Original Meiji era Japanese Woodblock Print
Mother and Son Kuchi-e Print
The Kuchi-e Tradition - Kuchi-e prints are woodblock frontispiece illustrations used in the publication of Japanese novels and magazines around the turn of the 20th century. Most kuchi-e prints were illustrations of bijin and continued the tradition of idealized beauties in Japanese art. The subjects, however, have a decidedly Meiji era feel about them and reflect the artistic movement towards more western design. Kuchi-e prints typically have one or two folds because of their use.
Much interest has been generated in the subject since the publication in 2000 of Helen Merritt and Nanako Yamada's groundbreaking book, "Woodblock Kuchi-e Prints: Reflections of Meiji Culture." Kuchi-e prints have become highly sought after and collected by the serious collector.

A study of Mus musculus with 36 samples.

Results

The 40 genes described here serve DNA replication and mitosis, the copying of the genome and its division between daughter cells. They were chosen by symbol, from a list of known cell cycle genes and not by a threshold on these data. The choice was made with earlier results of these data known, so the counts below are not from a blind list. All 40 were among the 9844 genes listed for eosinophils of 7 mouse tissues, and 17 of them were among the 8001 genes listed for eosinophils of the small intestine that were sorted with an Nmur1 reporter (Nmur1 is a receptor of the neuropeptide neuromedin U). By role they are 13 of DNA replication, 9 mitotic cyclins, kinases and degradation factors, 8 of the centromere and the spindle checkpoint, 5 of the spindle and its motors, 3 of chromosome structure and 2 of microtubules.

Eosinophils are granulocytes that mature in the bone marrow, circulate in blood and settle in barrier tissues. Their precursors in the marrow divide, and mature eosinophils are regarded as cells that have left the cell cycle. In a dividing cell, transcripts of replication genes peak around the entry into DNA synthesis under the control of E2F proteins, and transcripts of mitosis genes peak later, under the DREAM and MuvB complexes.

Comments - Attractive kuchi-e illustration of a Heian era mother and her young son, the boy kneeling before her with bowed head. A low black lacquer table at left holds scrolls, while the alcove above has several objects including two elegant boxes with doors on the front. Beautifully detailed with burnishing on the hair, the lacquer table, and the black lacquer frame of the wall panels, and embossing on the white lining of the boy's kimono. The first time we've offered this subject.
Artist - Meiji era artist (not read)
Image Size - 8 3/8" x 11 1/2"
Condition - This print with excellent color and detail as shown. Vertical folds. Slight paper remnants on reverse at edges from previous mounting. Slight toning and soiling, a few creases. Please see photos for details.